Black Dynamite (2009)

Rating: ***
Review Date: 10/17/09
Director: Scott Sanders
Written by: Michael Jai White, Byron Minns
Cast: Michael Jai White, Byron Minns, Salli Richardson-Whitfield, Roger Yuan, Arsenio Hall

Awesome! This tailor made star vehicle for Michael Jai White is a brilliant showcase for his talents as an actor, martial artist, comedian, and writer. "Black Dynamite" is an homage/parody of those awesome blaxploitation action flicks of the 1970's, which unfortunately limits the target demographic to middle-aged film geeks. As such, mainstream audiences will get very little out of it and probably just scratch their heads in confusion. Michael Jai White is Black Dynamite, an ex-CIA agent and Vietnam vet who is quite popular with the ladies. When his brother turns up dead, he goes on a rampage of vengeance to find who's responsible. Meanwhile, The Man is pumping the local orphanage full of heroin and the corrupt politicians have control of the equally corrupt police force. Only Black Dynamite has the power to clean up the streets and avenge his brother's death, which ultimately leads him to the White House and a surprise confrontation with the Commander In Chief.

First of all, kudos to Mr. White for his stunning performance. He IS Black Dynamite, and his portrayal is so genuine and sincere, that you can't help but believe him. You rarely see this kind of confidence and force of personality in films anymore. He also gets to show off his impressive fighting chops, recalling memories of action hero Jim Kelly. White is the real deal, and while the fight sequences mock the 70's style of fight choreography, they're executed in a very serious and proficient manner. The supporting cast is delightful and they embrace the 70's fashions, stereotypes, and pimp culture with flair. Salli Richardson-Whitfield is the token activist and love interest, and while she's incredibly pretty (and has an AMAZING afro), she doesn't seem to be in on the joke and looks visibly uncomfortable with her role.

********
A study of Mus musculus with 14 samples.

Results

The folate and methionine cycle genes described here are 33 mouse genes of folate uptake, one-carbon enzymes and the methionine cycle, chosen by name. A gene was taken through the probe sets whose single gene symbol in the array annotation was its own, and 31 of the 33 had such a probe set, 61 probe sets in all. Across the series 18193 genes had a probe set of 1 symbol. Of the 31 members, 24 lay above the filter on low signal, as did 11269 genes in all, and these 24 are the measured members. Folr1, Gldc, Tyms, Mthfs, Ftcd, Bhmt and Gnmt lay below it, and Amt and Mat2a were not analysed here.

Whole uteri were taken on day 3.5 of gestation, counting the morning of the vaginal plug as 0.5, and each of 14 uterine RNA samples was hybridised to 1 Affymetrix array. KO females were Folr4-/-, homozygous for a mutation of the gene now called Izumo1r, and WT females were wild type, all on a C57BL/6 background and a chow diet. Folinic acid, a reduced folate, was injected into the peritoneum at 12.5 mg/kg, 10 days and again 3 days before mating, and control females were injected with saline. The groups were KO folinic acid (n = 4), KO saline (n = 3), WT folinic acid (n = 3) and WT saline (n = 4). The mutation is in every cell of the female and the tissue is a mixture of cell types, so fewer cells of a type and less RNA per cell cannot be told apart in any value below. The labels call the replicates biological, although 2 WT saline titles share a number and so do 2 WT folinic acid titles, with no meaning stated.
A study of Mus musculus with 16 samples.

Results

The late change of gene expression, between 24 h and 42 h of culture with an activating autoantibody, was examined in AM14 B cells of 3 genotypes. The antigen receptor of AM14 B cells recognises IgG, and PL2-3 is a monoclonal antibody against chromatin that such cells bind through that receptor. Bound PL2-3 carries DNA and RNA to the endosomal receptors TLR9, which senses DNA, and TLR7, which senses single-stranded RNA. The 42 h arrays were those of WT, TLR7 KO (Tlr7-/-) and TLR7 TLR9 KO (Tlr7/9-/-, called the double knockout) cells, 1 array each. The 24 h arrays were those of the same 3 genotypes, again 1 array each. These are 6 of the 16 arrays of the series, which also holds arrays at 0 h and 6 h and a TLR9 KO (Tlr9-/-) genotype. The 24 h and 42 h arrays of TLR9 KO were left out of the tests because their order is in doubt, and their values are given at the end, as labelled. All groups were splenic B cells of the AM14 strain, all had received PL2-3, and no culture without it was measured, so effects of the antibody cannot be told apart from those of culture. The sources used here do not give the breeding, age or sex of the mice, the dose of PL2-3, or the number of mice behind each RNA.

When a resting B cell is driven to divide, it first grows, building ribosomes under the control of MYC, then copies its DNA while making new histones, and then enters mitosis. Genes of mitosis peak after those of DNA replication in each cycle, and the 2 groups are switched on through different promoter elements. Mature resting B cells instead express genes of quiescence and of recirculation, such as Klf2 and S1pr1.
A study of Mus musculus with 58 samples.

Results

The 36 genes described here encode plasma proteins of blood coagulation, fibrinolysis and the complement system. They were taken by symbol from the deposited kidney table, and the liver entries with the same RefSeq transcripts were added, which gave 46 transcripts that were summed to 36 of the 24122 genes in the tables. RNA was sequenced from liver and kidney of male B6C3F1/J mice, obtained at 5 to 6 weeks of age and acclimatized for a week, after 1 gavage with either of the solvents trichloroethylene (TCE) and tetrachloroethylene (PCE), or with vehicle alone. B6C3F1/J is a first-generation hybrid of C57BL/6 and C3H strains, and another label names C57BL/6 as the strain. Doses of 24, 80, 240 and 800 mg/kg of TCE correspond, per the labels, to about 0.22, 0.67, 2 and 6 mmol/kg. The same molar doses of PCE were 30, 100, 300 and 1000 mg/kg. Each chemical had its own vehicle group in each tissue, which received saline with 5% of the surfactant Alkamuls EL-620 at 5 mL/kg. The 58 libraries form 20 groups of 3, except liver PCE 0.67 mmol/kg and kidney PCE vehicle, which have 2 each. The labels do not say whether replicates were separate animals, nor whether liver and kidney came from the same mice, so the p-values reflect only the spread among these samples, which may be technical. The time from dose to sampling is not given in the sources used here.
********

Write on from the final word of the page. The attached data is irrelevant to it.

Apart from Black Dynamite himself, the most remarkable aspect of the film is how it looks. The filmmakers certainly did their homework and truly admire and appreciate the source material. The bad lighting, focus pulls, snap zooms, continuity flaws, outrageous fashions, film grain, and color palette are all lovingly recreated to immerse you in Black Dynamite's world, and the subtlety of those details is where the film succeeds best. The funk soundtrack is also superb and complements the look and feel of the picture perfectly. The writing is a mixed bag, and while a lot of it is extremely good, there's an equal amount that is forcibly, and painfully unfunny. Again, the story works best when it's a subtle homage rather than a blatant parody, and nowhere is this more evident than in the final reel. Sadly, the film falls apart right at the end when the filmmakers chose to go over-the-top silly instead of continuing to play it straight. I suppose in their defense, a lot of 70's kung fu movies also got extremely silly at the end ("Sister Street Fighter" (1976) immediately comes to mind), but it just doesn't work in "Black Dynamite's" favor. For a film with such a strong first half, it's disappointing to see it self-destruct at the end, and that ultimately keeps me from giving it four stars. Still, if you've ever seen a film that starred Jim Kelly, Rudy Ray Moore, Antonio Fargas, Fred Williamson, or Pam Grier, you owe it to yourself to check out "Black Dynamite."